The fireworks on and around bonfire night can cause a lot of distress for horses and even result in very nasty accidents. With the 5th November fast approaching, you may be already considering ways to prepare your horse for bonfire night, including whether to use calmers and what time is best to give them their horse feed. The following quick guide highlights some of the things you might like to consider in the run up to November the 5th!
How To Prepare Your Horse For Bonfire Night
There are a number of things you can do in preparation for bonfire night. These include:
- Find out if there are any commercial displays planned nearby so you know the time and dates – if they are very close by you may want to stay with your horse at those times
- Speak to local display organisers and explain your concerns as they may be able to take measures to ensure debris doesn’t land in your fields
- If your fields border housing areas, why not put a note through your neighbours door with your contact details on. You can ask them to message you if they are planning to let off fireworks themselves or if they notice your horses getting distressed when you can’t plan to be there they can let you know
- Bring your horse in before it gets dark so you’re not trying to catch them whilst fireworks are being set off – this is important for your own safety too
- Play music outside their stable to help to mask any loud bangs, but introduce this before firework night so they get used to it
- Leave your stable lights on, as this can also help to lessen the impact of the bright lights flashing in the sky
- Stay with them during the scheduled times for a local display
- If your horse gets stressed around fireworks, consider moving them for the night or even speak to your vet about sedation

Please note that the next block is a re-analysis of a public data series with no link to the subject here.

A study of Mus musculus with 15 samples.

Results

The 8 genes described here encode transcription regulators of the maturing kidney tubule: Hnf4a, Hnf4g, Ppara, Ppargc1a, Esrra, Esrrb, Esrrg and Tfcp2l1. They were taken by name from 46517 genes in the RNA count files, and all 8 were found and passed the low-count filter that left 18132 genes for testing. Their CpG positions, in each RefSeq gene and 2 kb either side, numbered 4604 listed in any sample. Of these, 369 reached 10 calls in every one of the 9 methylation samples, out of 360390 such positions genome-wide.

- Consider using a calmer
- Remain calm yourself and take care of your own safety
- Do not ride when there are planned displays nearby
How Do Calmers Work?
Calming supplements may be worth a try. The most common nutrient in single-ingredient calmers is magnesium. This has an important function in the transmission of nervous impulses. However, many horses already receive a diet that contains more than enough magnesium to meet their needs. There is no evidence that feeding more than required will help – counteracting a deficiency may well do which is why they are often thought to work initially but the effect may wear off.
Other ingredients include the B vitamins such as B1 (thiamine), B3 (niacin), B6 (pyridoxine) and tryptophan which is an amino acid are often included in horse feed for nutritional reasons but may also be helpful in a calming context too. There are also herbs such as chamomile which is widely believed to have calming properties. Valerian is another herb that may be beneficial but should not be used for horses competing under rules.
Hopefully this guide has given you some top tips for preparing your horse for bonfire night and caring for them over the period. If you are worried, speak to your vet who will offer advice.